Data from the Parkinson’s Outcomes Project Presented at the 19th International Congress of Parkinson’s Disease and Movement Disorders
MIAMI, June 17, 2015—Data released today from the National Parkinson Foundation’s (NPF) Parkinson’s Outcomes Project shows that people with Parkinson’s disease (PD) who start exercising earlier experience a significant slower decline in quality of life than those who start later. The study is being presented today by NPF researchers at the 19th International Congress of Parkinson’s Disease and Movement Disorders in San Diego, CA.
“This study makes it clear that everyone with Parkinson’s disease should be exercising. Patients suffer when they delay starting their exercise, and it doesn’t seem to matter what they do, they benefit from just getting up and moving,” said Michael S. Okun, MD, NPF’s National Medical Director.
Researchers looked at data on nearly 3,000 patients receiving care for three years at NPF Centers of Excellence participating in the Parkinson’s Outcomes Project—the largest clinical study of Parkinson’s ever conducted. Over 1,300 of the study participants reported little regular exercise at the beginning of the study. Five hundred of those individuals began exercising greater than 2.5 hours per week within the next two years. The researchers compared participants who exercised regularly for the entire two years, to people who didn’t exercise at the beginning of the study, but then started to exercise regularly.
In this study, they didn’t separate what types of exercise were done, just the total exercise reported. Quality of life scores were compared using the Parkinson’s Disease Questionnaire (PDQ-39). The PDQ-39 is a self-reported questionnaire that measures the impact of PD on daily life through multiple factors, including mood, movement and social interaction. Over the two-year study period, the PDQ-39 scores worsened 1.4 points in the early starters and 3.2 points in the late starters.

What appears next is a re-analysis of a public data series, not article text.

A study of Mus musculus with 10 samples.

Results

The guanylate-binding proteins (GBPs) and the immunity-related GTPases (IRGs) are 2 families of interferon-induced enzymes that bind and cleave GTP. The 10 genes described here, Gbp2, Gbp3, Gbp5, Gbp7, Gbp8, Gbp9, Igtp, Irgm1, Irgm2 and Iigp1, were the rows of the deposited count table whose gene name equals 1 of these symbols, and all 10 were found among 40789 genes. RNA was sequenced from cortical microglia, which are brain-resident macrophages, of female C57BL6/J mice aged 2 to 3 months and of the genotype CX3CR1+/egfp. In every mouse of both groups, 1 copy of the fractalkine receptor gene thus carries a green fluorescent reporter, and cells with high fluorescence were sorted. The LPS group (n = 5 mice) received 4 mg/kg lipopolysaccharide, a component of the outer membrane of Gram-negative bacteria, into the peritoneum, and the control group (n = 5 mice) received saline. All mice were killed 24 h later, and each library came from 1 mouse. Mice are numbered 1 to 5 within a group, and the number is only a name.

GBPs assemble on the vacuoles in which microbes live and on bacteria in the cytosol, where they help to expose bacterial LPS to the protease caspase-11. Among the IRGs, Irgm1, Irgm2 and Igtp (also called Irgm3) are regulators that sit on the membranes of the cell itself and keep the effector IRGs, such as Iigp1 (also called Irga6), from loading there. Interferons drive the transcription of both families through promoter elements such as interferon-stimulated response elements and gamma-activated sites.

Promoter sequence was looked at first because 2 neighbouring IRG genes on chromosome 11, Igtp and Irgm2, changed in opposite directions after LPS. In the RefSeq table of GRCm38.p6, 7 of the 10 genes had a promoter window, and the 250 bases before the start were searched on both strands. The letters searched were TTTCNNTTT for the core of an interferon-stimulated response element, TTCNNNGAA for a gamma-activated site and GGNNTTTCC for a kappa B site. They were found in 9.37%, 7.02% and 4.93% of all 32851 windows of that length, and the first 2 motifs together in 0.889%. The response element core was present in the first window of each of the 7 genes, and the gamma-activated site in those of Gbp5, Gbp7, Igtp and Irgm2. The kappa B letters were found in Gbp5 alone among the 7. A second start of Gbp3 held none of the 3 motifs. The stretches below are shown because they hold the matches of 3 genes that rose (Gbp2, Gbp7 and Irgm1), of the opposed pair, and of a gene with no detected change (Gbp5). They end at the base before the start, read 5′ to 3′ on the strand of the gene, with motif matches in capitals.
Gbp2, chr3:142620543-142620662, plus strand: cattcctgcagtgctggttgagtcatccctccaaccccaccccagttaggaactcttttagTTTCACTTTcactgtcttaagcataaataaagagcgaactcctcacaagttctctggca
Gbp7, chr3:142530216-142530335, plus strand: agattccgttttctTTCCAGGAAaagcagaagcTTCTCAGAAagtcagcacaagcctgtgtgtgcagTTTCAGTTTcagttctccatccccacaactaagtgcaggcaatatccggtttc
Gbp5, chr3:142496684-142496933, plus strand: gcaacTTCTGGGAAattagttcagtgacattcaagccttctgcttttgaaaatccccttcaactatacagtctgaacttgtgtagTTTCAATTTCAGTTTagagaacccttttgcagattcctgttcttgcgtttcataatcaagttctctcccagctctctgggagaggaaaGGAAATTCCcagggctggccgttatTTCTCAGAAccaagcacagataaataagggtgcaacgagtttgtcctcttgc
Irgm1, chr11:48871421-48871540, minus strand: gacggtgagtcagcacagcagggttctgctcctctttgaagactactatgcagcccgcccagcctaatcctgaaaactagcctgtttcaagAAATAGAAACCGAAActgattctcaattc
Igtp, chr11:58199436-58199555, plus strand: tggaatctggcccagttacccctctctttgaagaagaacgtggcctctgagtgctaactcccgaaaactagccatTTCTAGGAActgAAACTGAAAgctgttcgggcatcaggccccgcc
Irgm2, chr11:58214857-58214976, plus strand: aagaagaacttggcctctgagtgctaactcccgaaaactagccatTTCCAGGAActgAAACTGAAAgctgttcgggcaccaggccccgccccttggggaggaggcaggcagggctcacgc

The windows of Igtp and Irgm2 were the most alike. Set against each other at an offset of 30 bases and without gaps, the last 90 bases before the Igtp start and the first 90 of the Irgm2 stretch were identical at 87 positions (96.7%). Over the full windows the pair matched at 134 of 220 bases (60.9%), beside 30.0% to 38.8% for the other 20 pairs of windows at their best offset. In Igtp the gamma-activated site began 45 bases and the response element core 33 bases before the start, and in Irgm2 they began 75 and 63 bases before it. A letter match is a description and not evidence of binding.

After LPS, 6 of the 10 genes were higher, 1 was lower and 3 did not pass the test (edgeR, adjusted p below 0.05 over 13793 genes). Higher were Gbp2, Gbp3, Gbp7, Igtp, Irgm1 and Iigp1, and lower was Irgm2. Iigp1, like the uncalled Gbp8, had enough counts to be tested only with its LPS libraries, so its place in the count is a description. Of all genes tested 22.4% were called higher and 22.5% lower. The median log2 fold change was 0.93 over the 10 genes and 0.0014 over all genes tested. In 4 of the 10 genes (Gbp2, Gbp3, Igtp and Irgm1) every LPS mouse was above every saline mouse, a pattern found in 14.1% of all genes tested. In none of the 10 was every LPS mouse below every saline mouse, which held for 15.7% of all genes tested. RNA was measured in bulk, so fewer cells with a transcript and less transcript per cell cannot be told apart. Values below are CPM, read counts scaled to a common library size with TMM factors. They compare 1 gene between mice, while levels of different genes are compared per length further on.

“This analysis is interesting because it is structured as a ‘delayed start’ trial, comparing people who start early versus those who start late. This design is the standard approach to show an intervention slows the disease: if it just improved symptoms, people who start late would get the same benefit as those who start early,” explained Peter Schmidt, PhD, NPF’s Senior Vice President and Chief Mission Officer and an author of the study. “We found that people who start exercise early get more benefit than those who start late.”
Lead study author Miriam Rafferty, PT, DPT, whose doctoral research at the University of Illinois at Chicago focuses on exercise and Parkinson’s, noted that this difference of almost two points on the PDQ-39 could be enough to make everyday activities feel harder.
“This is great news that people can have a positive impact on the course of their own disease,” said Joyce Oberdorf, NPF’s President and CEO. “It is tremendously empowering.”
NPF's Parkinson's Outcomes Project is the largest clinical study of Parkinson's disease ever conducted with more than 8,000 patients with PD who receive care at 20 NPF Centers of Excellence in four countries. NPF issued care recommendations in 2012 around the issue of depression in PD after finding that it was undiagnosed in the patients tracked through the study. The goal of the Parkinson's Outcomes Project is to continue to identify best care practices for Parkinson's that could help get better care to more people affected by the disease. For more information about NPF's research initiatives, visit www.parkinson.org/research.
About Parkinson's Disease (PD)
Affecting an estimated one million Americans and four to six million worldwide, PD is the second most common neurodegenerative disease after Alzheimer's and is the 14th leading cause of death in the United States. It is associated with a progressive loss of motor control (e.g., shaking or tremor at rest and lack of facial expression) as well as non-motor symptoms (e.g., depression and A feeling of nervousness, worried thoughts and physical distress.). There is no cure for PD and 60,000 new cases are diagnosed each year in the United States alone.